In one of his last columns, Lord Skidelsky argued that fiscal stimulus is in order given the current status of affairs of the global economy, especially the United States (Skidelsky, 2013).
Why Lord Skidelsky does recommend stepping aside our threats from deficits and accumulating public debt and trying to re-invigorate the states development function through fiscal stimulus? At first blush, the question of “why” has two aspects semantically: First, for what purpose? And second, for what reason?According to Skidelsky, the classical Keynesian renaissance would be of key importance in coping with the daunting challenge of income inequality, which can be seen as one of the most fundamental causes of the recent economic „perfect storm”. The purpose should be to diminish the gaping gap between the rich and the poor in terms of income inequality.This argument assumes that the recent crisis can be rooted in the dispiriting income inequality that led to excessive borrowing coupled with affluent liquidity and banks that were able and willing to lend. However, this type of reasoning does not show convincingly that income inequality would be the cause (the good reason); what is more, it can also be argued that income inequality is just a symptom of deeper structural phenomena in the developed world.
Income inequality may be the result of a series of highly interrelated and mutually reinforcing phenomena being part and parcel of our new techno-economic paradigm (ICT-based, service sector dominated knowledge or learning economy). This paradigm has some specific features that have been directing towards lower productivity through labour-saving technologies (i.e. automation, standardisation by means of ICT etc.) which entailed downward trends in labour shares as, for instance, Karabarbounis and Neiman (2013) pointed out. There is a secular feature of problems behind the scene rather that one could ascertain that mitigating income inequality via economic policy engineering can result a sustainable ameliorating trend, accordingly.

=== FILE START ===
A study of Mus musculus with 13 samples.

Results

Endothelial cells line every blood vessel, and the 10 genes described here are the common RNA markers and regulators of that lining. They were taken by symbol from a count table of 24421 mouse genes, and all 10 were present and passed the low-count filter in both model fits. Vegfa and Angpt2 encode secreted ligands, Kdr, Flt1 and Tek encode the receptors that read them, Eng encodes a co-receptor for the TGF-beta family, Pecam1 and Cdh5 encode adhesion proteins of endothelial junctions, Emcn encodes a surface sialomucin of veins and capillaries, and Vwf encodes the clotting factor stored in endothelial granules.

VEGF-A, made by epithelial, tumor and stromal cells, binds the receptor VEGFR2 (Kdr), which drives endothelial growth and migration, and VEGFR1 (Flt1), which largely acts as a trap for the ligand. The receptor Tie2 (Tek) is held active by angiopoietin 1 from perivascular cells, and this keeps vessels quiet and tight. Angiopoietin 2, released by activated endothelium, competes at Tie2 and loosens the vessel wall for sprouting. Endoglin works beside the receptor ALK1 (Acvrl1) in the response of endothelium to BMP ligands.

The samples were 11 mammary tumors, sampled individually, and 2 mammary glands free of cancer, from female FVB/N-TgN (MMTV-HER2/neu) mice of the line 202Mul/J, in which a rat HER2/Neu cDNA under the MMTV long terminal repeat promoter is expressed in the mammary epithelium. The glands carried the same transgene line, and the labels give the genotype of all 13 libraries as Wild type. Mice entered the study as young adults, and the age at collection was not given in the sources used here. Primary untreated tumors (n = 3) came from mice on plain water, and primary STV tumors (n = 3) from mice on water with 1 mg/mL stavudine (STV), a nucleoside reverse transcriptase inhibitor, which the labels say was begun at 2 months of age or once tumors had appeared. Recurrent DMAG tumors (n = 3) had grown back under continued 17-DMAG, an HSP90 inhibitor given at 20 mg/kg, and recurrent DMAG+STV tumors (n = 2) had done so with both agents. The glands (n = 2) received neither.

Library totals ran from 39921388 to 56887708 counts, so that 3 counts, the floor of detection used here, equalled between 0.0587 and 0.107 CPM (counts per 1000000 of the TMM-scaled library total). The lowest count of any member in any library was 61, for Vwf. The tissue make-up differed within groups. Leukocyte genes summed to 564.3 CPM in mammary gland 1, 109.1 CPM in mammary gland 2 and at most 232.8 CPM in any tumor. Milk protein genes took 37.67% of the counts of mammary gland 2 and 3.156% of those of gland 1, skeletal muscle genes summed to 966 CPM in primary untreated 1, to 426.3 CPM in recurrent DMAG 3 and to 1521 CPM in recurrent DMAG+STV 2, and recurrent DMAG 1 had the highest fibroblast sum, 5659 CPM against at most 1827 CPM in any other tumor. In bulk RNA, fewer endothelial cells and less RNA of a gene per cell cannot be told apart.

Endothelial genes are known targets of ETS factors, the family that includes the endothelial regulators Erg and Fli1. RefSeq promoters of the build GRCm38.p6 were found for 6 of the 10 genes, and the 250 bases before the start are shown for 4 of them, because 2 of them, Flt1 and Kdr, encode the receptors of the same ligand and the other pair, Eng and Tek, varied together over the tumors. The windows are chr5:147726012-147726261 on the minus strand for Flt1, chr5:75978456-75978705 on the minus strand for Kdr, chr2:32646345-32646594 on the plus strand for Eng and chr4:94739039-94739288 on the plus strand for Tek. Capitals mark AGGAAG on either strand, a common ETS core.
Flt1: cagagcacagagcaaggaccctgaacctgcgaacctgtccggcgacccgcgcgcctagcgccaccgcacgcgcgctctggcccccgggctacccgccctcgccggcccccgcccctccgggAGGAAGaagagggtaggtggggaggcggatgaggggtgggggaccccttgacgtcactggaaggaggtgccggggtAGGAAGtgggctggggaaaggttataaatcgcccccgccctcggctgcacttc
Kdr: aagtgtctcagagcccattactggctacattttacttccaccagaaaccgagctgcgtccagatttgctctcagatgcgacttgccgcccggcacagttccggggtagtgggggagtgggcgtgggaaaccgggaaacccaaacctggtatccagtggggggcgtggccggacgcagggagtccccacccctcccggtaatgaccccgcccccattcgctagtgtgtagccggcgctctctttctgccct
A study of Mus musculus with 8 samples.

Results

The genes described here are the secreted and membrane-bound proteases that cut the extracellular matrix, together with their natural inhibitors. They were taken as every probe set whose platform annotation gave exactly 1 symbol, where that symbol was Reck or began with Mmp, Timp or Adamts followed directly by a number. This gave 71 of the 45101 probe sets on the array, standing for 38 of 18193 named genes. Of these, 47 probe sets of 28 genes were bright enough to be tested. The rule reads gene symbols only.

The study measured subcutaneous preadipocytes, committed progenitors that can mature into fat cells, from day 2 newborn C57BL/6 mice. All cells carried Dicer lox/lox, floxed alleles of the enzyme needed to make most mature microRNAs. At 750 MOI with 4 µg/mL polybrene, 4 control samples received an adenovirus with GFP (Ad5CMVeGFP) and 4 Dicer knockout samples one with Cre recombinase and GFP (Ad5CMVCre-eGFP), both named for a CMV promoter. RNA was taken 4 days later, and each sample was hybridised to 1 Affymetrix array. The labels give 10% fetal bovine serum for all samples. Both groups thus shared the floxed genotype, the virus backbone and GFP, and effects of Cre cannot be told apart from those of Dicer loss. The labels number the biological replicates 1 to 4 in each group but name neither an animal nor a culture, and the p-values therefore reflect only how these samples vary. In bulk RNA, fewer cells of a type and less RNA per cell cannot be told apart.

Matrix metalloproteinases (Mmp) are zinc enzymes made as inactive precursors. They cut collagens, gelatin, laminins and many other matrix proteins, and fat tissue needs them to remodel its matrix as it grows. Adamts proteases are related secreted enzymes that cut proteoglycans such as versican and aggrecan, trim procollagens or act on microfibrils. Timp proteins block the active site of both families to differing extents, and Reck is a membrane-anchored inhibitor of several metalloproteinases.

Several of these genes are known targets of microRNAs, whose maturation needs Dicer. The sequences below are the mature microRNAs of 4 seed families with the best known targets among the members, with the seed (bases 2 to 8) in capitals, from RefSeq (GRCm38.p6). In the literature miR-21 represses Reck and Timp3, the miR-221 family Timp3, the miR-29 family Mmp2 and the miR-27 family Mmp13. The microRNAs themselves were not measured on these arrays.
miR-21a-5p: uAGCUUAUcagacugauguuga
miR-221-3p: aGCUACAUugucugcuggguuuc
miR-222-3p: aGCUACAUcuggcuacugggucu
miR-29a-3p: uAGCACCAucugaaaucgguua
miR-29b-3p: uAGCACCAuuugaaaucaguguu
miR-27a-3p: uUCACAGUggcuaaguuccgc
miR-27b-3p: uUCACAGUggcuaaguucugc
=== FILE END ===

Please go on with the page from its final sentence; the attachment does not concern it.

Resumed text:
In our recent paper (Kovács, 2013) we addressed the daunting challenge of current economic recovery by contributing to the better understanding of its secular feature. In so doing we devote special attention to the secular decline in innovativeness by raising three interlinked and interrelated explanatory phenomena: (i) lowering productivity in the new techno-economic paradigm; (ii) the effect of the different degree of employment protection; and (iii) the issue of pent up disruptive innovations. We argued that these phenomena are not black swans; however, they have been developing in commonly unnoticed increments by manifesting the so-called ‘creeping normalcy’ and being endogenous to the market system. The paper drew lessons to be learned for the Central and Eastern European Member States by emphasising the need for a systemic approach which is of paramount importance when it comes to fiscal consolidation.
Our earlier consideration still holds, namely that, for sure, sovereign debt crisis triggered by recent crisis and the crisis management itself will not evaporate in the short term, decreasing public debts will easily become a decade-long task, however, consolidating to the numerical levels in the European Union (stipulated by the Maastricht Treaty and the Fiscal Pact) without considering the demand conditions (which is affected heavily by income inequality, tighter liquidity constraints etc.) would be a Hayekian fatal conceit in terms of growth consequences. Policymakers should therefore follow a more cautious way of stabilisation if they are to avoid stabilisation that is more like destabilisation. The big question is whether Europe can find the new growth model pursuing for instance the sustainable global golden age tailored towards green global economy promoted by Carlota Perez (Perez, 2010).